Rationale: Limited data exist about the international burden of severe sepsis in critically ill children.
Objectives: To characterize the global prevalence, therapies, and outcomes of severe sepsis in pediatric intensive care units to better inform interventional trials.
Methods: A point prevalence study was conducted on 5 days throughout 2013-2014 at 128 sites in 26 countries. Patients younger than 18 years of age with severe sepsis as defined by consensus criteria were included. Outcomes were severe sepsis point prevalence, therapies used, new or progressive multiorgan dysfunction, ventilator- and vasoactive-free days at Day 28, functional status, and mortality.
Measurements and main results: Of 6,925 patients screened, 569 had severe sepsis (prevalence, 8.2%; 95% confidence interval, 7.6-8.9%). The patients' median age was 3.0 (interquartile range [IQR], 0.7-11.0) years. The most frequent sites of infection were respiratory (40%) and bloodstream (19%). Common therapies included mechanical ventilation (74% of patients), vasoactive infusions (55%), and corticosteroids (45%). Hospital mortality was 25% and did not differ by age or between developed and resource-limited countries. Median ventilator-free days were 16 (IQR, 0-25), and vasoactive-free days were 23 (IQR, 12-28). Sixty-seven percent of patients had multiorgan dysfunction at sepsis recognition, with 30% subsequently developing new or progressive multiorgan dysfunction. Among survivors, 17% developed at least moderate disability. Sample sizes needed to detect a 5-10% absolute risk reduction in outcomes within interventional trials are estimated between 165 and 1,471 [corrected] patients per group.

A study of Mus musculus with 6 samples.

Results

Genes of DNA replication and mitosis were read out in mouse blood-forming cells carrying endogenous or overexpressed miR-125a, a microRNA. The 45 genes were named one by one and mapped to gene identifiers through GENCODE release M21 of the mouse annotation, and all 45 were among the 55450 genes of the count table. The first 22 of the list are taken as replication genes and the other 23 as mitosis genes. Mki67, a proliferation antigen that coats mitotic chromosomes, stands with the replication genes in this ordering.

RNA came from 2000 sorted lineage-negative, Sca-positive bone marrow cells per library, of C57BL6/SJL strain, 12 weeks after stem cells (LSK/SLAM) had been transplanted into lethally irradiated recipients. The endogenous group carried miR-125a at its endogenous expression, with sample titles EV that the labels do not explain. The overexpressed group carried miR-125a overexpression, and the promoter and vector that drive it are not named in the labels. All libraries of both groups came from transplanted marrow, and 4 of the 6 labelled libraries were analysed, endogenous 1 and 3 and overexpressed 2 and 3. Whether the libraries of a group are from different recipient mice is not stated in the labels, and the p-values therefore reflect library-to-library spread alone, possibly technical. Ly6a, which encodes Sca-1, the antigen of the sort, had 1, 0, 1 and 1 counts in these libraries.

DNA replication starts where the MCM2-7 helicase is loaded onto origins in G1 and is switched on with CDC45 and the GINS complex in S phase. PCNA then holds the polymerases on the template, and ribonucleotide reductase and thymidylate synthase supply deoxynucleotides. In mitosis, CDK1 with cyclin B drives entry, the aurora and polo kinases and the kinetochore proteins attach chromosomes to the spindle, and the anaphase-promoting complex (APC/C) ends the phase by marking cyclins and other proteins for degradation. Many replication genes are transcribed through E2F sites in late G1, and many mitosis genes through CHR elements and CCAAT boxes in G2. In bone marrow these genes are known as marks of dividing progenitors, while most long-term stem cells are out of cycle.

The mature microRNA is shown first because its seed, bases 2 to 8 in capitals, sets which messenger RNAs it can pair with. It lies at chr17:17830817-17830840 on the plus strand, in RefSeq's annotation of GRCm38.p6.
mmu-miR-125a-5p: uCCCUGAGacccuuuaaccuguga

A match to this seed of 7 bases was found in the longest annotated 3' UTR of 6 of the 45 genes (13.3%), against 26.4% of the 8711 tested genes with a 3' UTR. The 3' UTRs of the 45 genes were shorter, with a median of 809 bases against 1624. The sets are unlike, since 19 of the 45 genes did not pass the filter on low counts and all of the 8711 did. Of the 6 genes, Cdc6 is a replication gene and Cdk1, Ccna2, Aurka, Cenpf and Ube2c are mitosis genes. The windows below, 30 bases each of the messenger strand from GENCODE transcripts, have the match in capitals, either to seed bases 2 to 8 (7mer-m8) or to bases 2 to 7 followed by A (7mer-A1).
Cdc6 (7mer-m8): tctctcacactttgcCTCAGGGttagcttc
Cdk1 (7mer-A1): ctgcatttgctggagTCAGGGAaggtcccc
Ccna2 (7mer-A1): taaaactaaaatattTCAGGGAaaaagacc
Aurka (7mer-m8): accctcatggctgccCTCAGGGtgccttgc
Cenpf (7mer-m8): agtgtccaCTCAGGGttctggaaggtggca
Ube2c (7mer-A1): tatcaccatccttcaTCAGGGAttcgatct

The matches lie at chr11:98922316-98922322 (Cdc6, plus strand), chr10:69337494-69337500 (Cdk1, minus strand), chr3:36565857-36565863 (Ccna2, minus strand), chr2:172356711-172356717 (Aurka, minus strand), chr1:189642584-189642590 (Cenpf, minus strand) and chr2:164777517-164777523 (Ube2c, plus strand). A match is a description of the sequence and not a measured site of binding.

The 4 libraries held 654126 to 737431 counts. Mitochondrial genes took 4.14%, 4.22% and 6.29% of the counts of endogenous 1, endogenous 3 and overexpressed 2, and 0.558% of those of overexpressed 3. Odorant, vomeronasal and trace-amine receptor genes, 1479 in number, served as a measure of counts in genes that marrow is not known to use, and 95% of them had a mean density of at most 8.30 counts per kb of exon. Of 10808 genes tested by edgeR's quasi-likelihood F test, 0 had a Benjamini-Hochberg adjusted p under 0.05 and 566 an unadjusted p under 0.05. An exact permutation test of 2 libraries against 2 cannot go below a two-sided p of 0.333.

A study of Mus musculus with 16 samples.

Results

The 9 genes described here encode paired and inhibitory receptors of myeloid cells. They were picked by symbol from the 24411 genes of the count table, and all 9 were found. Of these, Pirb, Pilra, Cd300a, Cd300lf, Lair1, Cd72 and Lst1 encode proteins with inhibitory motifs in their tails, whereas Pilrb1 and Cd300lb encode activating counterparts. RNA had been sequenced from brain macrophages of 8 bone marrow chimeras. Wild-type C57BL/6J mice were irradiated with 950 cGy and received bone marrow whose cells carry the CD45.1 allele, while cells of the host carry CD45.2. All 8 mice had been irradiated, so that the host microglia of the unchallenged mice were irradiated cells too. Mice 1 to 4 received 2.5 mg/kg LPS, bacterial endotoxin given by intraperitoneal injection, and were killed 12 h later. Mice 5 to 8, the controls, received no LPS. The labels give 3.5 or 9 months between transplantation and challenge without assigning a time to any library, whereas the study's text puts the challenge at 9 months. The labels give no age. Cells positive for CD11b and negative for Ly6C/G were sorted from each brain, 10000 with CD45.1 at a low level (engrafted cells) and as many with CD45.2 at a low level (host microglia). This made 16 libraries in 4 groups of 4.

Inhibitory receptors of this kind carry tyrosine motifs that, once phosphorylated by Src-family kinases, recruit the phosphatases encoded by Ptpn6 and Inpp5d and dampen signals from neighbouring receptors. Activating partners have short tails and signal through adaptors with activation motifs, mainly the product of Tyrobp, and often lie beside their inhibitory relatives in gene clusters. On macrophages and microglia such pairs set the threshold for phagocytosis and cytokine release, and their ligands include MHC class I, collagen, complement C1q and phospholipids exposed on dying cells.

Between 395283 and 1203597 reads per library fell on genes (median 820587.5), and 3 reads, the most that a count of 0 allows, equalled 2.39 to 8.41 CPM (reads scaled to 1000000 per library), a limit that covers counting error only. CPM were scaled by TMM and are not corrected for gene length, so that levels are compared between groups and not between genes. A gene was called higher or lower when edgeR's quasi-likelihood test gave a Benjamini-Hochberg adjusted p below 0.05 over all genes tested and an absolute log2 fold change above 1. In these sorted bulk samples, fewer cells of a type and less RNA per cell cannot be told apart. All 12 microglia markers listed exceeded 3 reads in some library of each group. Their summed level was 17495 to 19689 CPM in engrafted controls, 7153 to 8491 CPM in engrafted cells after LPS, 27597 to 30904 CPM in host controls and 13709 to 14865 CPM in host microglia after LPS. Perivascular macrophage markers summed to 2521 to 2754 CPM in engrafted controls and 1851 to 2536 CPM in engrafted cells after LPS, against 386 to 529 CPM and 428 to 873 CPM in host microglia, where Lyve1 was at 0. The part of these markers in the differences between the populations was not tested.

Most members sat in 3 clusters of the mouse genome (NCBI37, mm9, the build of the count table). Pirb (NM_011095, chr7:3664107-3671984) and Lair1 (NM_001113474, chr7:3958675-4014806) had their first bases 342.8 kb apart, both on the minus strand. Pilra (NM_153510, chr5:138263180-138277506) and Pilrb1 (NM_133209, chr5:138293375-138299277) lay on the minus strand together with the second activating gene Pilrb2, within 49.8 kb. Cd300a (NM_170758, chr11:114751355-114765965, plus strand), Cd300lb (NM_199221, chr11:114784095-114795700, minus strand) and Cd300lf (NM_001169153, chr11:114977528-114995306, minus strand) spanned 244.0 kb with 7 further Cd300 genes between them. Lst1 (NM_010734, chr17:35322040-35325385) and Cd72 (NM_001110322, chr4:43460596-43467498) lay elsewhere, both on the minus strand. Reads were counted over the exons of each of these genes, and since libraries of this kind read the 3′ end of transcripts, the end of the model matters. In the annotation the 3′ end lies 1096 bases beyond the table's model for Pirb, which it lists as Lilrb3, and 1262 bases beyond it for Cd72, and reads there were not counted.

Conclusions: Pediatric severe sepsis remains a burdensome public health problem, with prevalence, morbidity, and mortality rates similar to those reported in critically ill adult populations. International clinical trials targeting children with severe sepsis are warranted.
Keywords: multiple organ failure; pediatrics; sepsis.